In February, many hearts are filled with love. But one thing that many don’t consider is the number of hearts that are at risk of infection because of their dental health. This Heart Health Month, there is also a focus on your dental hygiene. Keep reading to learn what connects your oral health to your heart and how you can minimize your risk of developing heart conditions.
The Tie Between Dental Health and Heart Issues.
After more than a decade of research, studies show that the connection between dental infections and heart disease is how the bloodstream acts as transportation for bacteria. Harmful bacteria can build up and lead to dental infections like abscesses and gum disease. An abscess is a puss-filled sack that develops at the tip of an infected tooth or in the gums to the side of the infected tooth. Gum disease is the result of microbes and plaque forming an infection beneath the gumline that causes your gums to swell and bleed. If left untreated, it will eventually lead to your gums pull away from your teeth. When your gums bleed or an abscess dissolves into the body, infection can spread anywhere in your body.
How Dental Infection Causes Heart Issues
Two heart issues that have been found to be caused by oral bacteria are coronary heart disease and infective endocarditis. Heart disease is the buildup of cholesterol deposits in the arteries that reduce blood flow over time. This condition develops when bacteria find their way through the bloodstream to the heart’s valves and causes infection. An infection that occurs in the heart valves or the lining of the interior surfaces of the heart (endocardium), it is called infective endocarditis. Studies show that individuals with gum disease are 2 to 3 times more likely to fall victim to a stroke or heart attack than those with healthy gums.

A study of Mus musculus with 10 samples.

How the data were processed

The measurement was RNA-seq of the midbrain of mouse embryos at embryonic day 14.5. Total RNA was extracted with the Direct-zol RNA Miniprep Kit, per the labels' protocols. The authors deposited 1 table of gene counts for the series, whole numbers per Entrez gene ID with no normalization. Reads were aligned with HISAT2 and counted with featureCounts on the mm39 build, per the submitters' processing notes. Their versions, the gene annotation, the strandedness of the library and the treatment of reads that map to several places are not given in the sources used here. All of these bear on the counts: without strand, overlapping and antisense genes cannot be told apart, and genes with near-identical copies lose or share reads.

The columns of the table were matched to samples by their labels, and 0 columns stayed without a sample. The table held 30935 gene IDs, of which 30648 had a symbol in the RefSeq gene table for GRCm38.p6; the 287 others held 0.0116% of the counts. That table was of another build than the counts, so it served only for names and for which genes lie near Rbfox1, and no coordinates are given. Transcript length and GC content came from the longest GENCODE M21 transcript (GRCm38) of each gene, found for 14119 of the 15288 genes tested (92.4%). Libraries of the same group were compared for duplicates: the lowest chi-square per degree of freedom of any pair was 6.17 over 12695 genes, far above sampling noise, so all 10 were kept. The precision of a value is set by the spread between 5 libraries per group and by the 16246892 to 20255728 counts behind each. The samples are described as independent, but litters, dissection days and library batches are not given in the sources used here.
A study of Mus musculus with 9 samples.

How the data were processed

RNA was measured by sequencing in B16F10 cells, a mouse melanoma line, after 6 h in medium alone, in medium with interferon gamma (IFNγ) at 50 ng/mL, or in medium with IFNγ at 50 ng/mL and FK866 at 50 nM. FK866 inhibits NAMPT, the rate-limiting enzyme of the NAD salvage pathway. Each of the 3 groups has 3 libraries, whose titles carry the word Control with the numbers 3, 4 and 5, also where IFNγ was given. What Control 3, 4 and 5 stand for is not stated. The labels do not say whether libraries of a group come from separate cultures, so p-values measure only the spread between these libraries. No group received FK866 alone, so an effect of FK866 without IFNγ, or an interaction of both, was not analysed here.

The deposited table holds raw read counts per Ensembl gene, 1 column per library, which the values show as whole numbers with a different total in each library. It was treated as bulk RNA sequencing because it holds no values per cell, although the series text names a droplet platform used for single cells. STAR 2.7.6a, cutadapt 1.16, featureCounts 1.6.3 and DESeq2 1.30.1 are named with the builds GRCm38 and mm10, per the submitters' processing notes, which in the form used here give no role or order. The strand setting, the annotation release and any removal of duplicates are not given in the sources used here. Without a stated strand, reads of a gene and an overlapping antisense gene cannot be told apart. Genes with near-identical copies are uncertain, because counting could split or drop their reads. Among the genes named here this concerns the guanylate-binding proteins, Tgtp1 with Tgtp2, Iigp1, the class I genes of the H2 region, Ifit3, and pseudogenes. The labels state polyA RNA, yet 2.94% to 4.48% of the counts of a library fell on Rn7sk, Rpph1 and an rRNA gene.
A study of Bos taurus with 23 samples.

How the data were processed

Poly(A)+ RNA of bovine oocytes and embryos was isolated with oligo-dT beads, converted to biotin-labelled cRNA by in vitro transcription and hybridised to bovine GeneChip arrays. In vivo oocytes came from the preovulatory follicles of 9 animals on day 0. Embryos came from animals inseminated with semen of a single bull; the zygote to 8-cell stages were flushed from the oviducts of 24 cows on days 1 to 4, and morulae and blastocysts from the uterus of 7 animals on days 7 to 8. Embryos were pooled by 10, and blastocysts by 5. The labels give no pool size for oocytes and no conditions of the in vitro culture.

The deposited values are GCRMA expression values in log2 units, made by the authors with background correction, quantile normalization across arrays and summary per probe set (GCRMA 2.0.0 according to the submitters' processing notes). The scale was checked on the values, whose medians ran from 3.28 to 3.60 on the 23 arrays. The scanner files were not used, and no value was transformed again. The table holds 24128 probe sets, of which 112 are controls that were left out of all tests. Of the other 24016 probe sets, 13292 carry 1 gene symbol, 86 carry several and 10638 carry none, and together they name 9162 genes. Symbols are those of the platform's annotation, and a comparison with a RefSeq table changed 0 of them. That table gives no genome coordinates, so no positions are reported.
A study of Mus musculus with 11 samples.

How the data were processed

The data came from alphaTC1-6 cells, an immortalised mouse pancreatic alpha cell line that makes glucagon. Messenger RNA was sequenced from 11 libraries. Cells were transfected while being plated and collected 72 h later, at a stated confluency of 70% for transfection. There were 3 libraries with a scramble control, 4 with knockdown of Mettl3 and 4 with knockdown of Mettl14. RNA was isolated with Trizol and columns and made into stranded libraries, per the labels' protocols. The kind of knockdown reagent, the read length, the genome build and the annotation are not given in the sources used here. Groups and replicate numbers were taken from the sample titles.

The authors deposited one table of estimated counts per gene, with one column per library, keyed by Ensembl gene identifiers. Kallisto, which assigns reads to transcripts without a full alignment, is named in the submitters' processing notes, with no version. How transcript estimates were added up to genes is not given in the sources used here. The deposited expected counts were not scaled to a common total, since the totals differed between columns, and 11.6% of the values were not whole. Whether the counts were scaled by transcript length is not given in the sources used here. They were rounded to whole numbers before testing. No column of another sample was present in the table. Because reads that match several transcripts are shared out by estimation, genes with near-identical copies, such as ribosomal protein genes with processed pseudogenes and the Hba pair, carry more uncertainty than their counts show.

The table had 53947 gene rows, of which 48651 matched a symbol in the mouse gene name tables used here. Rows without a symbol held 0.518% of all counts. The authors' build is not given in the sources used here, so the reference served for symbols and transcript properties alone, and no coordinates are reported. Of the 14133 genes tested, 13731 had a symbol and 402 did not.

How You Can Protect Your Heart
Heart conditions cannot always be avoided, but you can reduce your risk of developing them by taking proper care of your teeth. Flossing every day, brushing your teeth for two minutes twice a day and visiting your dentist on a regular basis will all help keep your mouth healthy. In addition to increasing your risk of oral cancer, smoking causes the blood flow to your gums to slow. This minimizes their ability to fight off infection, so kicking your nicotine habit is a good idea as well.
A healthy heart starts with healthy teeth. So, while it can be easy to focus chocolates and flowers this month, be sure to stay wary of your oral health. Making sure you have a great dental care routine will help keep both your heart and your smile healthy.
About the Practice
The team of dentists at Darby Creek Dental works together to provide personalized comprehensive dental care to every patient who enters their doors. The combined years of dental experience and knowledge held by Drs. David Cleveland, Deric Budendorf and Kyle Wylde allow Darby Creek Dental the ability to provide an experience unlike any other dental office. If you’re ready to achieve the healthy smile you deserve, contact the office at (469) 343-1212 or visit the website to schedule your appointment today.